The securitization arm of Chile's Banco Bice expects to go out with its second placement of paper backed by globals from Empresa Nacional de Electricidad (Endesa Chile) before mid September, said a source familiar with the transaction. The deal is denominated in inflation-indexed units (UF), while the asset is a 7.75% dollar-denominated 08. The size of the issue is 750,000 UF (US$17.5 million). "It's already cleared regulators and now it's being considered by the (official) risk classification agency," the source said. Domestic bonds receive their final stamp of approval from the risk classification agency, which assesses the mandated two ratings attached to each deal. Bice's bond is rated AA' on the national scale by Moody's Investors Service affiliate Humphreys and Fitch.
This will mark Bice's second issue of UF bonds backed by Endesa Chile's 08s. The first came out in early May and priced at a real 6.18%. Though domestic interest rates have fallen since then as the Central Bank clings to a lax monetary policy, Bice's deal may not automatically reap the benefits. One of the reasons is investor nervousness over Endesa Chile's prospects, given its exposure to other Latin American countries. Though the impending securitization has the same double-A national-scale rating as the original deal, investors are finding it tough to ignore the widened spread on Endesa Chile's globals. Over the last three months, Endesa Chile's bonds have flared out roughly 250 to 275 basis points to 450 to 475 basis points over Treasurys, according to one New York-based corporate EM trader. "It's a function of the Lat-Am trouble in general," he said. There are US$400 million outstanding of Endesa Chile's 7.75% 08s.
Roughly half of Endesa Chile's operating income comes from Latin American countries outside its home base, including units such as Emgesa in Colombia and Cachoeira de Dourada in Brazil. "The question is what will happen in Brazil and how does it affect Endesa," said Jason Todd, director of Latin American power ratings at Fitch. However, Todd doesn't see the risks strong enough for now to dislodge the credit from its BBB+' global foreign currency rating, with stable outlook.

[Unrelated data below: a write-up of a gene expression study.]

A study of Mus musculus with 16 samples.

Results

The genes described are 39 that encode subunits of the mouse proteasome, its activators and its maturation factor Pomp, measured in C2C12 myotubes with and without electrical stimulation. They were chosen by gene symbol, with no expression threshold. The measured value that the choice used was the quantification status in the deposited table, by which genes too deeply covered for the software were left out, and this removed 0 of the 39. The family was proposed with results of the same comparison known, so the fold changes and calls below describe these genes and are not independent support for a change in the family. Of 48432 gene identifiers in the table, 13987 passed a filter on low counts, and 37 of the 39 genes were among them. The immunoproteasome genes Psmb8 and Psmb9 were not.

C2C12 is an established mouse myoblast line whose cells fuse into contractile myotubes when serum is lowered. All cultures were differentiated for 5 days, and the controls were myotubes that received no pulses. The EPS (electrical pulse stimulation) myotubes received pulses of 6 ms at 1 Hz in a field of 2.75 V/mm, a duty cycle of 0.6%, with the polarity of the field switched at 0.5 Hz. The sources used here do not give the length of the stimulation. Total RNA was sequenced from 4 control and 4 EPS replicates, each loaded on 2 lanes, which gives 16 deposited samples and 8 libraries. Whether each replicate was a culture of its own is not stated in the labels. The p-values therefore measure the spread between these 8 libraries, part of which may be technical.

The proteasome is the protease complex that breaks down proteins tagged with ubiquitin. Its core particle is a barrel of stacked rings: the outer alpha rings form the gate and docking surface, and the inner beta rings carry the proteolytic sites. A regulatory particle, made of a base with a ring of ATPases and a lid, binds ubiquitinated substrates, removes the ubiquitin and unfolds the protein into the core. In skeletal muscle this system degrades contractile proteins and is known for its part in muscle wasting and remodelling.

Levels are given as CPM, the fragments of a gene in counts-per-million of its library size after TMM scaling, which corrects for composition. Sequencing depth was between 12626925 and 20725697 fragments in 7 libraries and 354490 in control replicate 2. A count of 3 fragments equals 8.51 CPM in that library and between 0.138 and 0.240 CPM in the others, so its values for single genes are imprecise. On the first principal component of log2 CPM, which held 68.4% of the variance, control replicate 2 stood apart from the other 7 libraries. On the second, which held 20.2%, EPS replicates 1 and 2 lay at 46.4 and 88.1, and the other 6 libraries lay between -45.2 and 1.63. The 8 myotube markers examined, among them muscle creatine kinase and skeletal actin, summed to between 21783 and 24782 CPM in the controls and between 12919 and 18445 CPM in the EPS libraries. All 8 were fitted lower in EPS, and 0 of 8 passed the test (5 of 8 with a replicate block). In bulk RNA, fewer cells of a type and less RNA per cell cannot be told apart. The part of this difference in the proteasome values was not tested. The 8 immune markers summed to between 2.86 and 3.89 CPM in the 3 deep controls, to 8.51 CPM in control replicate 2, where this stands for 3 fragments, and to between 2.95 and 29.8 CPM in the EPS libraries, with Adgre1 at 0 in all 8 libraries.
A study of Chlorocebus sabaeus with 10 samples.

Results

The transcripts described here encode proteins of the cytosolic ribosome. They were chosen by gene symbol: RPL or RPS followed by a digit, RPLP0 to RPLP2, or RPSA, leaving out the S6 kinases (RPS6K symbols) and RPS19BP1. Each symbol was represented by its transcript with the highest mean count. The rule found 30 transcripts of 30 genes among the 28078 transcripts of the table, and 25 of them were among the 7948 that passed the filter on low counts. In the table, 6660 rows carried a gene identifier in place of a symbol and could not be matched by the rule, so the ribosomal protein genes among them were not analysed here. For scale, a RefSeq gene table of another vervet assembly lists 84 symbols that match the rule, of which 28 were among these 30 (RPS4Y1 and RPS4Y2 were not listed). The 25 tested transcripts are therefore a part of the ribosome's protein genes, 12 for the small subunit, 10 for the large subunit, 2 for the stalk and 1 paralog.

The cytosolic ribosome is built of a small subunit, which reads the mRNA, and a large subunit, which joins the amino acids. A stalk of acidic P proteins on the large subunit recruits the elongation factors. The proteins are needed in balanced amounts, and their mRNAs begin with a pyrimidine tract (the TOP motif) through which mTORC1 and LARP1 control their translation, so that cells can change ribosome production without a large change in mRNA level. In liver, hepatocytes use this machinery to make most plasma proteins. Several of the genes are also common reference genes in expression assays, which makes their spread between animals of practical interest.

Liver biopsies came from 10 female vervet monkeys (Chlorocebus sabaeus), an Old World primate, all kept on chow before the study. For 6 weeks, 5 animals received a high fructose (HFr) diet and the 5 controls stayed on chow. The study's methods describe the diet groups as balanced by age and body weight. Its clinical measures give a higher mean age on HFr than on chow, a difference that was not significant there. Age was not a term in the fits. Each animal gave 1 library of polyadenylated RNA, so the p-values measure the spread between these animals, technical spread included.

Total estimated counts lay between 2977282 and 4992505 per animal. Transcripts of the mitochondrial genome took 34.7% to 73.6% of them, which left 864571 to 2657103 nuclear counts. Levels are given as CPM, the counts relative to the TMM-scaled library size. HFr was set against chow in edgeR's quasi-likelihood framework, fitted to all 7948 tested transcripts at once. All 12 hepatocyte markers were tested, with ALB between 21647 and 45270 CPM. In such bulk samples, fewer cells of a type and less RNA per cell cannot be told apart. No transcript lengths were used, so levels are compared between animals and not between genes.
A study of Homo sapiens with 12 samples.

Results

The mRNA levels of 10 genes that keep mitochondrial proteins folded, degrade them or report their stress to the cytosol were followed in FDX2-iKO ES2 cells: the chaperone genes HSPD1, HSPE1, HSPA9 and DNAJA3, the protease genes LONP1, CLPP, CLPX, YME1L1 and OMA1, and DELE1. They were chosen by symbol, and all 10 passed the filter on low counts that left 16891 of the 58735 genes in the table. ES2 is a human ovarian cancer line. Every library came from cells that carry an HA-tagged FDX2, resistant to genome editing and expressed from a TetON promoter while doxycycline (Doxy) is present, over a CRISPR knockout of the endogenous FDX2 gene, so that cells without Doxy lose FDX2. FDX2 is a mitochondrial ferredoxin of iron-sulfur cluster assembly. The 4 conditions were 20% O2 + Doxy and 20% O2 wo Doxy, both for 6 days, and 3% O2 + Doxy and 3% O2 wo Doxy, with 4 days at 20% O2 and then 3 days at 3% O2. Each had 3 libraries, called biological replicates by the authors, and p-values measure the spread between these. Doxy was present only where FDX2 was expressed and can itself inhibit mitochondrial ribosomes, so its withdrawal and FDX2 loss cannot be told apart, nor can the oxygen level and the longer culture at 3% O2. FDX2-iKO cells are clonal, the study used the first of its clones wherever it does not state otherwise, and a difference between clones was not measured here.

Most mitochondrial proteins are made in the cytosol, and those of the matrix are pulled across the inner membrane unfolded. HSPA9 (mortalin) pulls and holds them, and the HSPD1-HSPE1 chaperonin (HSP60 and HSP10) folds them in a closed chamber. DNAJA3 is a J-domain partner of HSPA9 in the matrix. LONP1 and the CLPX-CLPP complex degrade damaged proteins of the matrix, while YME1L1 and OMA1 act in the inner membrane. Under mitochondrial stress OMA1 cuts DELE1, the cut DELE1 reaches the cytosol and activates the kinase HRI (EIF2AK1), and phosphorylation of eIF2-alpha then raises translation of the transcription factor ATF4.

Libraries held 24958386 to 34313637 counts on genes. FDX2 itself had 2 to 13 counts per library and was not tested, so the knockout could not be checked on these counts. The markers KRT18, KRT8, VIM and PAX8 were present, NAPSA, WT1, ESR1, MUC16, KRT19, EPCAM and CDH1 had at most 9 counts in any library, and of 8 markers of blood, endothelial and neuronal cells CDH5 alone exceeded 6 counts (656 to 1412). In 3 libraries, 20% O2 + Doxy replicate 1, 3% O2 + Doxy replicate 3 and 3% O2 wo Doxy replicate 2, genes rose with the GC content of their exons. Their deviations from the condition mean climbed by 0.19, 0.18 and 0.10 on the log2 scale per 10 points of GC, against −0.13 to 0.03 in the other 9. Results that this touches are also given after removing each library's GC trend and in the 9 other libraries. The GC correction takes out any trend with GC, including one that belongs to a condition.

The analogous ratings from Moody's and Standards & Poor's are Baa1'/downgrade watch and BBB+'/negative outlook, respectively.
Investors will be looking at other variables as well. "The question we're asking is whether we want to increase our marginal risk in Endesa through bonds or stocks," said the official of a Chilean pension fund that spurned the first issue in May because of the tight yield. Another consideration is whether Enersis, Endesa Chile's parent, is looking into any issuance. "We've heard they might do something like that and though it's not the same risk, it would affect Endesa's spread," the official said.
Working in the deal's favor is the fact that local investors are prohibited from holding overseas corporate bonds in their portfolios. This pent-up demand helped compress the yield on the original issue. And the payments are in local currency, matching pension funds' revenue stream.
Bice will carry out a cross currency swap for the full amount of the issue to eliminate its own currency risk in holding the underlying asset. Payments on the UF bond coincide with the asset, starting Jan. 19, 2003 and occurring twice yearly. Principal is paid in full at maturity.